The State Board of Education is looking to combat the state’s teacher shortage by opening more doors to enter the classroom under nontraditional pathways.
On Thursday, State Board members voted to support a new “mastery-based” alternative route to certification that supporters say could help districts struggling with hard-to-fill positions.
The idea is to make it easier, quicker and more efficient for professionals who have a college degree and expertise in a subject, such as chemistry, to fill teaching openings.
“I’ve been saying since I stepped into office that we are in the middle of a teacher shortage and it will take multiple sets of solutions to figure this out,” Superintendent of Public Instruction Sherri Ybarra said Thursday. “This is a great idea to open up alternative pathways. I’m looking forward to see this work and see what it does to fill some of those gaps.”
Not everyone thinks its a good idea.
During a contentious meeting last week, skeptics said a new alternative route would “water down” the requirements for teaching or make entry standards into the profession less rigorous.
“I don’t want to relax the standards, and I don’t want be the state that says we don’t need to do that much or know that much,” said Richard Osguthorpe, dean of Boise State University’s College of Education.
Supporters of the plan gave two examples of whom the new alternative routers program may apply to.
The first example is a certified agriculture teacher who is already working in an Idaho school district. The teacher in question earned an ag-sciences degree, but so far is only certified to teach ag programs. If that same school lost a biology teacher, the new alternative pathway could allow that ag teacher to teach biology and help the district avoid shutting down the program.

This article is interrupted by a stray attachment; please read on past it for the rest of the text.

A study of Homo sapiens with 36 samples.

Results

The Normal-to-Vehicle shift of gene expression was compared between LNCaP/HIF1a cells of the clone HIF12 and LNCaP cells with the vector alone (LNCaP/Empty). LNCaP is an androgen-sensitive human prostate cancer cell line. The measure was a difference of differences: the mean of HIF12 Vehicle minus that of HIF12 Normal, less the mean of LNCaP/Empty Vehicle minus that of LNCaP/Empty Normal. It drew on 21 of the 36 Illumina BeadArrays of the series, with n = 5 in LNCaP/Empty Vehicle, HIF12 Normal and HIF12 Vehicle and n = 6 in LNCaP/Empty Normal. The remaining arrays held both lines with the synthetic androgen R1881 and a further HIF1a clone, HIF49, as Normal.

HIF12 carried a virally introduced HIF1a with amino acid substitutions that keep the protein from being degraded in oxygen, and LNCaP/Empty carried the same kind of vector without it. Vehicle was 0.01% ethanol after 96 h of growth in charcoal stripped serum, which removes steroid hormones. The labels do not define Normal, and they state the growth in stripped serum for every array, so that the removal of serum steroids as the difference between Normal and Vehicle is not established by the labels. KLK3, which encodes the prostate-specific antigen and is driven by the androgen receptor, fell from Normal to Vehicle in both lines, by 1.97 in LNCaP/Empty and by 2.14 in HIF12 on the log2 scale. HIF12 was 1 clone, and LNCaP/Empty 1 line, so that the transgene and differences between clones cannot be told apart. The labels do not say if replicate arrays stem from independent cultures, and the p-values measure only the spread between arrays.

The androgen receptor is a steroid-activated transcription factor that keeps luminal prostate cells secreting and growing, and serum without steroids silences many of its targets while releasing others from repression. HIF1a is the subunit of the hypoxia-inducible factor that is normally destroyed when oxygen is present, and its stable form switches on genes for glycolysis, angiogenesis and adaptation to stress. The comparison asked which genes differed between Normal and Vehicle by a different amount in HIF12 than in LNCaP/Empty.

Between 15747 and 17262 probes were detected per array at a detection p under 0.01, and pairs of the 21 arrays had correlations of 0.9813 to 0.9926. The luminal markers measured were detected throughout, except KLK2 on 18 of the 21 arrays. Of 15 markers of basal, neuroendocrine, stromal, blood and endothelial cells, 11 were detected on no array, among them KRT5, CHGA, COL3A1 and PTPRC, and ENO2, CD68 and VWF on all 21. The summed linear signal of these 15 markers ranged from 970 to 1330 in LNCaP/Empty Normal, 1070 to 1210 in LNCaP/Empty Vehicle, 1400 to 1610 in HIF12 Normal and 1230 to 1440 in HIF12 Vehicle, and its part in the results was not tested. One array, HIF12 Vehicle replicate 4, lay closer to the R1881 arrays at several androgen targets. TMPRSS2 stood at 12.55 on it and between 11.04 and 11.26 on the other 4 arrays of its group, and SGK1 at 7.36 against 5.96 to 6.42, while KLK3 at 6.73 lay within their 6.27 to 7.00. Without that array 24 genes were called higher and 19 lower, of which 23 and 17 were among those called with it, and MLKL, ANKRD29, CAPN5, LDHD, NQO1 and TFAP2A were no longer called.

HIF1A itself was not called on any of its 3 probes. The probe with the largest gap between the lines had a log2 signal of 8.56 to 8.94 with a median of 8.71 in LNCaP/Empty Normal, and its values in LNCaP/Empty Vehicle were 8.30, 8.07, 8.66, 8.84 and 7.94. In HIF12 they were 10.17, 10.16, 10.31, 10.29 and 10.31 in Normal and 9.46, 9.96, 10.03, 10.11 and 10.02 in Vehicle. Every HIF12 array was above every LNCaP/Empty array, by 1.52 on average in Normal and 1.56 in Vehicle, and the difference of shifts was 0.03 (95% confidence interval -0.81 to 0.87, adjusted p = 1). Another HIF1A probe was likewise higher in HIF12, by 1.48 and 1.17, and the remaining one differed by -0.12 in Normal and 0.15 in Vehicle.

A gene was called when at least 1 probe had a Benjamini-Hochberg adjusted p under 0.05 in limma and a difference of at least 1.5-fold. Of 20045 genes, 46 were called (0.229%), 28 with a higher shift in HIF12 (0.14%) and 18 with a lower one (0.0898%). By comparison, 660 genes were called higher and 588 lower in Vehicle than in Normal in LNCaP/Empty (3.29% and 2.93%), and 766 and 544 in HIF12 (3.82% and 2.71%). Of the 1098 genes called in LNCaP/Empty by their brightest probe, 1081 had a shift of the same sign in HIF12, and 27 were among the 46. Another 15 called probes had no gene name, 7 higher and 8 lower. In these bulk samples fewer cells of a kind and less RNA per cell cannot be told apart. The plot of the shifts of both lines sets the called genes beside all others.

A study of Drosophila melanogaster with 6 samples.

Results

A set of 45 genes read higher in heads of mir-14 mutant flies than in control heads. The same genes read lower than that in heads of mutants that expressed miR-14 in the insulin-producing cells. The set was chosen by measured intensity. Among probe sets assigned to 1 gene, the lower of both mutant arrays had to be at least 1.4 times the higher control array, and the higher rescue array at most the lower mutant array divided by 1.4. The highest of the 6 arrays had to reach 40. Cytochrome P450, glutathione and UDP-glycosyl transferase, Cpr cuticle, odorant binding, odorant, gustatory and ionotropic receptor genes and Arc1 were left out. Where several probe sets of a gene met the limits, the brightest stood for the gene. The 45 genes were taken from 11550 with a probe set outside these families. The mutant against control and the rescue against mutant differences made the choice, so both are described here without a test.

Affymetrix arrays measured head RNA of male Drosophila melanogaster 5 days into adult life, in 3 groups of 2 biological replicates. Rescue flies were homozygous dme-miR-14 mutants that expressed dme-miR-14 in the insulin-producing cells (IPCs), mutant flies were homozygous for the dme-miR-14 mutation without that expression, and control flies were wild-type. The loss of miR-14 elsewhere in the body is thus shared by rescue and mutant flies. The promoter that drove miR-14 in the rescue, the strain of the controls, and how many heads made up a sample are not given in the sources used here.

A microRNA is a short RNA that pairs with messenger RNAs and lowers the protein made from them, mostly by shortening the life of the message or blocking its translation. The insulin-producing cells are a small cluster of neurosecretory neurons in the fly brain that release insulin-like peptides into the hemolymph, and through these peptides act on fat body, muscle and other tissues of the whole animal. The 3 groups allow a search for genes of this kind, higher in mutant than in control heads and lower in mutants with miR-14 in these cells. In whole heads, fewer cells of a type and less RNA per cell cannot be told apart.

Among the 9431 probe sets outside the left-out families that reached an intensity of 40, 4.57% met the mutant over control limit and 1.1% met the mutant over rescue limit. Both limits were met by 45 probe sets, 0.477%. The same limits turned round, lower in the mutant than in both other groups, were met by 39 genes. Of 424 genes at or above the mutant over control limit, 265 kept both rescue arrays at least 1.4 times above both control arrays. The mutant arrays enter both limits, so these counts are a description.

A second example involved professionals who are not already teachers, but experts in the professional world. Think of a chemist, with a college degree, who has relevant work experience but no teaching experience. If an Idaho school district wanted to hire that person to teach chemistry, the new alternative route could facilitate that move to the classroom without first requiring the chemist to complete several credit hours of teacher preparation courses through a college of education. Instead, that person could complete online course modules, get credit for relevant work experience and provide evidence they are ready to teach now.
“This effectively takes out the time constraint by producing online modules that can be done in parallel (to teaching) and allows that person to get full credit for what they already know, instead of marching through (teacher preparation) courses,” State Board member David Hill said.
Christina Linder, the State Board of Education’s educator effectiveness program manager, said the state will still insist on high standards for classroom teachers.
“There has been some concern that what we proposed was somehow less rigorous or that we proposed a shortcut,” Linder said. “We felt it is necessary to really show that is not at all the case. We’re simply proposing a little bit more flexibility.”
Idaho already allows teachers into the classroom through other alternative routes programs and through programs such as Teach for America or the American Board for Certification of Teacher Excellence. Last month, Idaho Education News journalist Kevin Richert reported that the number of teachers entering the classroom though alternative authorizations has nearly doubled in the past few years. In 2013-14, 2.7 percent of teachers entered the classroom through an alternative route. That number increased to 4.9 percent during the 2016-17 school year.